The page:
Plea for 'fair' staff benefits
SUBSIDISED welfare groups have complained about disparities in fringe benefits given to their workers and government counterparts, saying they erode morale and lead to a high staff turnover.
They want Governor Chris Patten, in his policy address in October, to increase their medical and housing allowances.
In an unprecedented move, the Hong Kong Council of Social Service, which represents 229 non-governmental organisations, has drafted a 4,500-word submission for the Governor's 1995 policy address.
The paper, similar to the Governor's address but focusing only on welfare issues, has been submitted to Mr Patten and the head of the Central Policy Unit.
Copies have also been sent to the Chief Secretary, Anson Chan Fang On-sang, and related policy branches and departments.
Legislator Hui Yin-fat, the director of the council, said: 'We think we should be more active. We should take the initiative to make recommendations for the Governor in advance, instead of just reacting afterwards.
'We need a co-ordinating approach on welfare as a whole, not on single items.' In its submission, the council highlighted a wide range of welfare services, including those for the disabled, broken families, women, children, drug abusers and the elderly, as well as workers' benefits.
It said there were great disparities between the Government's and subvented welfare agencies' fringe benefits, including housing, medical and dental benefits.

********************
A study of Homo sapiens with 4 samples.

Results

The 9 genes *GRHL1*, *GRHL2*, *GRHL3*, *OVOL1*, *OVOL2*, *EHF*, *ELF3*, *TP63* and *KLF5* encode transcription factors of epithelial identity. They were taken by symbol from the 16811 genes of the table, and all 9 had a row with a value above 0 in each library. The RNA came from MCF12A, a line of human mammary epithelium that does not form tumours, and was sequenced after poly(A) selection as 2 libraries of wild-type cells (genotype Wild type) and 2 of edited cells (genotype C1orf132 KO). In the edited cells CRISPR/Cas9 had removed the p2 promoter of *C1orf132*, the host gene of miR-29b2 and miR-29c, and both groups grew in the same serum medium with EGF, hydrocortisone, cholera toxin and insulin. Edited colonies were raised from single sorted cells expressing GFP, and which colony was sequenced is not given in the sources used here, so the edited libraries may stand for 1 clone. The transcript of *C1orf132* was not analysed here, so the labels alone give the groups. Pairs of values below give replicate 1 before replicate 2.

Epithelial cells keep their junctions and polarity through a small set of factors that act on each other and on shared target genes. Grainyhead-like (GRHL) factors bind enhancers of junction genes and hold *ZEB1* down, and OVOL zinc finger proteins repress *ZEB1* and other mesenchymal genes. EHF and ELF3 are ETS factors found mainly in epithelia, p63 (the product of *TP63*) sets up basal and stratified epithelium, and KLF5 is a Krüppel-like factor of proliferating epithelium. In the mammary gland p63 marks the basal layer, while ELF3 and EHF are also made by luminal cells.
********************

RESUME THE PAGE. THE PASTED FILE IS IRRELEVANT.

'If true partnership is to be maintained between the Government and the subvented sector, the subvented welfare sector should be treated fairly,' it said.
Many physiotherapists, for example, join the Hospital Authority or other government departments for better benefits.
The council suggested the provision of medical benefits be next on the Government's agenda, along with making improvements to the existing mortgage interest subsidy.
Voluntary welfare agencies also hope they can work with the Government to develop social welfare services.
'There should also be a rational system of co-operation with a set of reasonable procedures . . . for the policy and planning system, resource allocation, priority-setting and accountability,' the submission said.
The agencies are also considering drawing up performance pledges to provide 'maximum accountability'. At present, only a few agencies, such as the Hong Kong Family Welfare Society, have charters or performance pledges similar to those of government departments.